My name is Alessandra Seiter, and I’m a Somerville resident, a librarian, and a monthly supporter of BINJ. I’m incredibly grateful for the work y’all do in providing local news coverage (so we don’t have to rely on Twitter), and in empowering residents to report on their own municipalities. I think it’s absolutely critical work in cultivating and maintaining transparent governance and a democratic city.
I unfortunately want to express my disappointment, however, in the 7/19/22 article titled “Summer violence prevention program approved.” I’m primarily disappointed that the article heavily favors the perspectives of Shannon Grant supporters, without providing substantive articulations of opposition views. For example, the bulk of information on what the Shannon Grant actually does comes from a quote from Acting Police Chief Charles Femino, with vague mentions of “fund[ing] additional hours for officers to engage with the community.” Additionally, only a small amount of space is dedicated to a single Councilor’s opposition to the grant (Charlotte Kelly), when three Councilors total voted no. In contrast, the majority of the article’s word count is dedicated to a lengthy speech by Matt McClaughlin, with additional substantive quotes from Kristen Strezo—both in favor of the grant. Finally, the article’s third paragraph frames the Council discussion as such: “… some councilors asked the police chief for more information, while others passionately defended the program.” This is not an accurate representation of the discussion, as Councilors in opposition to the grant did much more than ask clarifying questions.
Based on the 7/19/22 article alone, I would come away with a pretty simplistic picture of the grant, its context, and the Council’s discussion (apart from a brief mention in the first paragraph about the discussions being “heated.”) There is much more to dig into here, though. For example, the community engagement initiatives up for funding by the grant are completely undefined, not only by the article but by the SPD itself—their grant application only speaks to increased surveillance via Hot Spot Patrols. Additionally, the criteria to be identified as a gang member are pretty questionable (you have to be “associated” with at least three people with a “common identifying sign or symbol”), as are the venues the SPD is focused on targeting. For example, they cite “large disorderly gatherings” and “rap videos” as primary recruitment pathways. The Shannon Grant also stipulates that grantees must report crime data to the Commonwealth’s Fusion Center, also known as BRIC. Far from providing youth support, BRIC further criminalizes them by adding their identities to crime databases. There has been extensive reporting on the invasive surveillance measures used at BRIC (such as by DigBoston), and BRIC has been criticized by the ACLU of MA.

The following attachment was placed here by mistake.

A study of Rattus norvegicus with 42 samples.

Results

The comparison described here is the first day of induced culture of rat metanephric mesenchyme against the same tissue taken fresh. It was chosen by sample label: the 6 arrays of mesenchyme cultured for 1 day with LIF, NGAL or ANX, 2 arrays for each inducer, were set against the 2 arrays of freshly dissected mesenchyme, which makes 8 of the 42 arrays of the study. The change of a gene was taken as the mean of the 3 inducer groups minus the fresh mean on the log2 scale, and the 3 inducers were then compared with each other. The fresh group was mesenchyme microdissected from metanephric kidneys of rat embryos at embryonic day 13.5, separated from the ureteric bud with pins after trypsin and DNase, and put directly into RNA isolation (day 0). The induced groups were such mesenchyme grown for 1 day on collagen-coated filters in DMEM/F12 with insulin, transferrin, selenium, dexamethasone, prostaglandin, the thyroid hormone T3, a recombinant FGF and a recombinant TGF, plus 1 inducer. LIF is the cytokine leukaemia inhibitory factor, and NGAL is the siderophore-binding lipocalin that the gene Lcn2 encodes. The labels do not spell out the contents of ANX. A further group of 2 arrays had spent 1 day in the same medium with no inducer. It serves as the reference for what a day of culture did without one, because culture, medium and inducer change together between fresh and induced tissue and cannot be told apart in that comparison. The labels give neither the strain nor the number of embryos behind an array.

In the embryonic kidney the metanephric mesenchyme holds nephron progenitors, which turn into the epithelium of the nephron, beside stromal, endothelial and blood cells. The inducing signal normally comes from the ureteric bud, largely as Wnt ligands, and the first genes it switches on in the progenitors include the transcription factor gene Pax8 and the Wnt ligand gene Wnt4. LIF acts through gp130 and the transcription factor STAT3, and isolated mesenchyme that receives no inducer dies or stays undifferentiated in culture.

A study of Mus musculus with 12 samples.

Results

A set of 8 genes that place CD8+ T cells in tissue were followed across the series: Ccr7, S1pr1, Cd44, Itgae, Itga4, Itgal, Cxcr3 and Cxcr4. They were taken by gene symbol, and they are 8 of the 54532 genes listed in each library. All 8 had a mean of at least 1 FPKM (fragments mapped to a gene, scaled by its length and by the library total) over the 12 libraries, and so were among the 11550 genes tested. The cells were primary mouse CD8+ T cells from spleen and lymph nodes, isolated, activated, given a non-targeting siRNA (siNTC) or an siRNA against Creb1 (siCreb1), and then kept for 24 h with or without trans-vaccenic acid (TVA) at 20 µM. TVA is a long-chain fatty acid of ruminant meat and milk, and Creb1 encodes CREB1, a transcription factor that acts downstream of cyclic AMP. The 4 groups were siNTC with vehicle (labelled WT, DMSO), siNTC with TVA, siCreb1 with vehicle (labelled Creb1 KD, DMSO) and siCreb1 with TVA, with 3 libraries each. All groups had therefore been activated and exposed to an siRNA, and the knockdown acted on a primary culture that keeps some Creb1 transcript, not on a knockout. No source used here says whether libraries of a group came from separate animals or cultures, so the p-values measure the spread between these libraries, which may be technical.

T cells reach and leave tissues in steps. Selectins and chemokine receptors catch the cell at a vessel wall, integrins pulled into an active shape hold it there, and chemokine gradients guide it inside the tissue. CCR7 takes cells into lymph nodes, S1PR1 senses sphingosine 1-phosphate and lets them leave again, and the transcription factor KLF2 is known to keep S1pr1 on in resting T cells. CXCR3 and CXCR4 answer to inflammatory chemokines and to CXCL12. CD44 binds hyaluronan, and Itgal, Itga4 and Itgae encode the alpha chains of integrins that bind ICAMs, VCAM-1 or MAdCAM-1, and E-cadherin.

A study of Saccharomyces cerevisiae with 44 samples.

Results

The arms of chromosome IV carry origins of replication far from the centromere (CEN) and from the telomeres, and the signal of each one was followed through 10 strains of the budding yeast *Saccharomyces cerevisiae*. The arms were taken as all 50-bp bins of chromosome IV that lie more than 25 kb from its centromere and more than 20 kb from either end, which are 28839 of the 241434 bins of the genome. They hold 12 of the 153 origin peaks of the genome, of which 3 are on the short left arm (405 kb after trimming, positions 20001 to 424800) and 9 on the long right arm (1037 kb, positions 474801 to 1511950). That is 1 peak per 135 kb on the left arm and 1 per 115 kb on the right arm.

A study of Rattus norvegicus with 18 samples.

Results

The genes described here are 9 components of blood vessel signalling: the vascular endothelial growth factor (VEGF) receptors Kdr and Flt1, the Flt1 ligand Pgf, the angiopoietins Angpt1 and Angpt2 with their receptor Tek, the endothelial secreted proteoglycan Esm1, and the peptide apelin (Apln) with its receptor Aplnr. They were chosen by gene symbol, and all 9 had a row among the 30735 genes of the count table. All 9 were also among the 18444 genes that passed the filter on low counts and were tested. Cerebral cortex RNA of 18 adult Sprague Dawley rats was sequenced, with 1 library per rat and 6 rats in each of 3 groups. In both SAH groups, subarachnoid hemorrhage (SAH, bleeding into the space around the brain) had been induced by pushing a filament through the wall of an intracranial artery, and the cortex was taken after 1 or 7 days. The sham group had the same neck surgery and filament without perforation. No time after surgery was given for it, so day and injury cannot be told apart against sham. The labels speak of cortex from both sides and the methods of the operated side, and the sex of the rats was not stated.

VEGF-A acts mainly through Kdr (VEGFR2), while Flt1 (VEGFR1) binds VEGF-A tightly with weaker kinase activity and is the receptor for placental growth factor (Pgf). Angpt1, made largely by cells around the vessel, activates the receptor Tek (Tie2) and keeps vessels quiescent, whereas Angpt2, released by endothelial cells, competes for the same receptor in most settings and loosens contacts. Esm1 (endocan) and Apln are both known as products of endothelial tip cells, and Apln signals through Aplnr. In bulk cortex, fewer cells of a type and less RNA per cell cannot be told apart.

I understand that the article was focused on the Council’s discussion on this grant, but the role of the police in Somerville is actively in question right now (see the large cut to the SPD budget recently made by the Council, the substantial public opposition to the proposed Public Safety Building, and the popular organizing of Defund SPD). In this context, I think this article did an irresponsible job.
Thank you for your consideration, care, and the work you do for Somerville. I am happy to continue supporting BINJ.
Note: The author asked Somerville Wire to cite Defund SPD’s “Mapping the Money Zine” (June 2022) as one of their main sources.
Image credit: Collage by Jason Pramas, CC-BY-SA 2.0. Mailing Junk back to Junk Mailers by Oran Viriyincy is licensed under CC BY-SA 2.0. Somerville PD Ford Police Interceptor Utility by Jason Lawrence. CC-BY 2.0.